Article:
It is always a delight to find new and interesting brands in the horology landscape, even more so when they provide real value by taking care of the small details while manifesting a strong personality of their own. Today I have the pleasure of examining the midnight blue variant of the BW003, released in 2017 as the first automatic watch of the Bravur brand.
Here is a list of the specs:
- Full reference number: BW003
- Case material: Stainless steel
- Case diameter: 39 mm
- Lug width: 20 mm
- Lug-to-lug length: 44.5 mm
- Thickness: 10.3 mm
- Water resistance: 5 ATM
- Movement: Sellita SW300-1
- Frequency: 4 Hz (28,800 bph)
- Power reserve: 42 hours
Founded in 2011, Bravur is a small, independent brand based in Sweden which specializes in high-quality everyday watches. Previously scoffed at for their quartz offerings (quite a snobbish thing to do as quartz is a technical marvel in its own right), they have expanded their automatic line with discreet yet beautiful models since 2017.
The BW003 looks right at home in the 21st century. Distinctly refined, contemporary, and exciting are words that come to mind to describe it. The Solitär case is unique, and its smart layered design managed to disorient me at first. Was I looking at a vintage diver’s watch? Then, just for a split second, I was terribly reminded of the Moonwatch case. Of course neither was the case, but I was grateful for the momentary confusion. I foolishly tried to categorize this timepiece in my compartmentalized mind, but not every watch is made to withstand the crushing depths of the ocean, or to boldly travel to space and beyond. That said, this watch oozes personality and I’d be more than glad to wear it in most situations. The sapphire dome crystal is gorgeous and, along with the wonderful coin edged bezel, imbues the watch with that vintage aesthetic that threw me off-guard at first. The case is slim enough to wear under the cuff and, most importantly, the lug-to-lug length is just perfect. Seriously, I cannot overstate the importance of a sensible lug-to-lug measurement. Dozens of 39 mm watches out there feature lugs as long as a hotdog, defeating the purpose of a reasonably sized watch. One of Bravur’s main tenets goes: “Great design isn’t gender specific”, and it definitely shows here. Not every men’s watch needs to be the size of a dinner plate, and not every ladies’ watch has to hulk around a hundred diamonds in a cramped 24 mm case. I can picture the BW003 being worn by both men and women just fine, and for that, I tip my hat to Bravur.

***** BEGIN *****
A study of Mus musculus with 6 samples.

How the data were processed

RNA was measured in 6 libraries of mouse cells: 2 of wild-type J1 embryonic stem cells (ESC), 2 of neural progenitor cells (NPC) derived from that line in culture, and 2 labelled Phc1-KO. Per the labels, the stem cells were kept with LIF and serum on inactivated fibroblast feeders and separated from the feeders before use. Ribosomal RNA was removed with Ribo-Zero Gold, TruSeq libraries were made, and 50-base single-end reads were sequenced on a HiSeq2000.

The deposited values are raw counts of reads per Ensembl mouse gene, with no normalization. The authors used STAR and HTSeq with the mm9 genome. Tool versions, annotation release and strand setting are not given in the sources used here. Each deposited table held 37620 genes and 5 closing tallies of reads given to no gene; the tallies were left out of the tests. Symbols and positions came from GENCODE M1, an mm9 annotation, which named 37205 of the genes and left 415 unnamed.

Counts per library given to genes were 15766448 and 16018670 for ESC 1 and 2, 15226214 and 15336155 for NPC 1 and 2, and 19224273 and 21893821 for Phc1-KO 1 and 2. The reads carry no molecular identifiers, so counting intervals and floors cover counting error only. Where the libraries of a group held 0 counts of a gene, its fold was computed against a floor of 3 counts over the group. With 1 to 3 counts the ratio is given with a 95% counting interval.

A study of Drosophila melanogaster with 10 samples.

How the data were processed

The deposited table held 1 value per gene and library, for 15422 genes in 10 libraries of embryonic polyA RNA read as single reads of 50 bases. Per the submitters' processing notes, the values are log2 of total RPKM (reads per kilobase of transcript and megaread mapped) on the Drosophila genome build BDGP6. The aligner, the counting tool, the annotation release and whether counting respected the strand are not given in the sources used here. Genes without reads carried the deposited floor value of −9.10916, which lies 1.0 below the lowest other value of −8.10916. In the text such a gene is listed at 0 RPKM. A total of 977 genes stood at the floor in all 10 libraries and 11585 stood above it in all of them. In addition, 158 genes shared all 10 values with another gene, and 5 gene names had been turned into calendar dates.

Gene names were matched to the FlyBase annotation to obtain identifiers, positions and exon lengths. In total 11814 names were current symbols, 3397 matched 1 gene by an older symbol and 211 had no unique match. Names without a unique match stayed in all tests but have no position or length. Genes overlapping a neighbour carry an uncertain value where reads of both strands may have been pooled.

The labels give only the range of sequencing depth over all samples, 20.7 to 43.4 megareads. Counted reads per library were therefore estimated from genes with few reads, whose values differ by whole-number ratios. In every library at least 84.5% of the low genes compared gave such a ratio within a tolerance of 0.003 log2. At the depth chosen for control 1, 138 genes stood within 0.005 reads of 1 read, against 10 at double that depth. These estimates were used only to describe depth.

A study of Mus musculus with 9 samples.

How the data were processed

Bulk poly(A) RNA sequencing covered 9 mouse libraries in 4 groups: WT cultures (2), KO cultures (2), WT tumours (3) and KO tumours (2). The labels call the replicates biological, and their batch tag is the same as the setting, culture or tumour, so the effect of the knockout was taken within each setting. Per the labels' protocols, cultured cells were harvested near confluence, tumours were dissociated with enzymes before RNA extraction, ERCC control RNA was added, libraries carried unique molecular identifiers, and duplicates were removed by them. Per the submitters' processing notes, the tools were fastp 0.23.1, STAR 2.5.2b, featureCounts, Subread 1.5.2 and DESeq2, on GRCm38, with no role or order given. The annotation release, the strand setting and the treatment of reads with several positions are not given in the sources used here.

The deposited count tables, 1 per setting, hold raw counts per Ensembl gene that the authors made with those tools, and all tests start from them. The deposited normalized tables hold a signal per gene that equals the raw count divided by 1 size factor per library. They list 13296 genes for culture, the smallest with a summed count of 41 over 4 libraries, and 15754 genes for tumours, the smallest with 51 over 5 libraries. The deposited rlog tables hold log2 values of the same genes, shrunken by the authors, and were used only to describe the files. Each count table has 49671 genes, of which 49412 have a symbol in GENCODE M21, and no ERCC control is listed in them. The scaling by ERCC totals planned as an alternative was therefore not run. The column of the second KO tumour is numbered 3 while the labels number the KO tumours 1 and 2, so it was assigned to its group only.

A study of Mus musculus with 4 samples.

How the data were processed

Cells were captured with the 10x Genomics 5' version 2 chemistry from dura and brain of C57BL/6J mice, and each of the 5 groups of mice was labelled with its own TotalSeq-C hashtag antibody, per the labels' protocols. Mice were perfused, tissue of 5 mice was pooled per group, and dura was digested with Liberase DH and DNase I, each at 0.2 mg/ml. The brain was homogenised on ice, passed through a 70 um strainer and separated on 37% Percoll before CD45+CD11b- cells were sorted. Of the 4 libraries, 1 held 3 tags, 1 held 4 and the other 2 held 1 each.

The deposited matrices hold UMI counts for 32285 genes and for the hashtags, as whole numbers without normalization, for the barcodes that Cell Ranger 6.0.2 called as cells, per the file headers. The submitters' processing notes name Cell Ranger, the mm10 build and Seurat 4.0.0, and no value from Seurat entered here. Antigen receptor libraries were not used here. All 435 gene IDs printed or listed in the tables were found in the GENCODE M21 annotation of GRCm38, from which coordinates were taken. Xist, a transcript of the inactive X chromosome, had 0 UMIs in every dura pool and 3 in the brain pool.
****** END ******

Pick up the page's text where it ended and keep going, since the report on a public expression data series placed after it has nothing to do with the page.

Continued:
BW003 Dial & Caseback
The dial is, for a lack of a better word, energetic. Something about the sunburst dial along with the white applied markers makes the dial explode right before your eyes without overwhelming the senses. Meanwhile, the chapter ring increases the overall contrast of the dial. I suspect this is exclusive to the midnight blue and black variants, but maybe the white and green versions have their own personality, who knows. At any rate, I’m absolutely sold on this dial and I think it’s a pleasure to stare at in different lighting conditions.
The skeletonized hands harmonize quite well with the applied indices and the date window at 6 o’clock looks right at home down to the typeface. I don’t think I’m a fan of the text below 6 o’clock, though. The “Swedish soul, Swiss heart” motto is already engraved in the back, so it’s basically redundant here. Besides, it’s asymmetric in length, which, compounded with the Bravur branding already being off-center at 3 o’clock, throws the whole balance off. However, this is really a minor issue, already made up for by the overall beauty of the dial.
Speaking of the back, there is thankfully an option to order a sapphire case back. Taking a closer look at the movement inside is something all watch aficionados love, and I believe all brands should opt for a see-through caseback if possible. The Sellita SW300-1 inside the BW003 is an almost 1:1 clone of the legendary ETA 2892, so accuracy and reliability is guaranteed. The rotor is beautifully engraved and the fluting around the sapphire crystal is lovely. However, I’m not entirely sold on the branding across the crystal. I think it gets in the way and it’s even made redundant by the Bravur logo on the rotor.
The strap is made from vegetable tanned leather, and feels great on the wrist. The deployant clasp works pretty well, although I must admit I prefer classic styled buckles. Those of you who like to switch straps every now and then will be happy to know there’s a quick release mechanism to do so without risking damaging the lugs. Small details like this should be made standard. Few things are more frustrating than sending a springbar flying across the room every month or so, never to be seen again.
Bravur’s first foray into automatic watches is absolutely fantastic. The fact that each Bravur timepiece is built upon customer order only adds to the allure of the brand. I think their design language is quite sophisticated, and I sincerely hope that their future offerings continue down this path.
To have a look at all of Bravur’s offerings visit their official website here.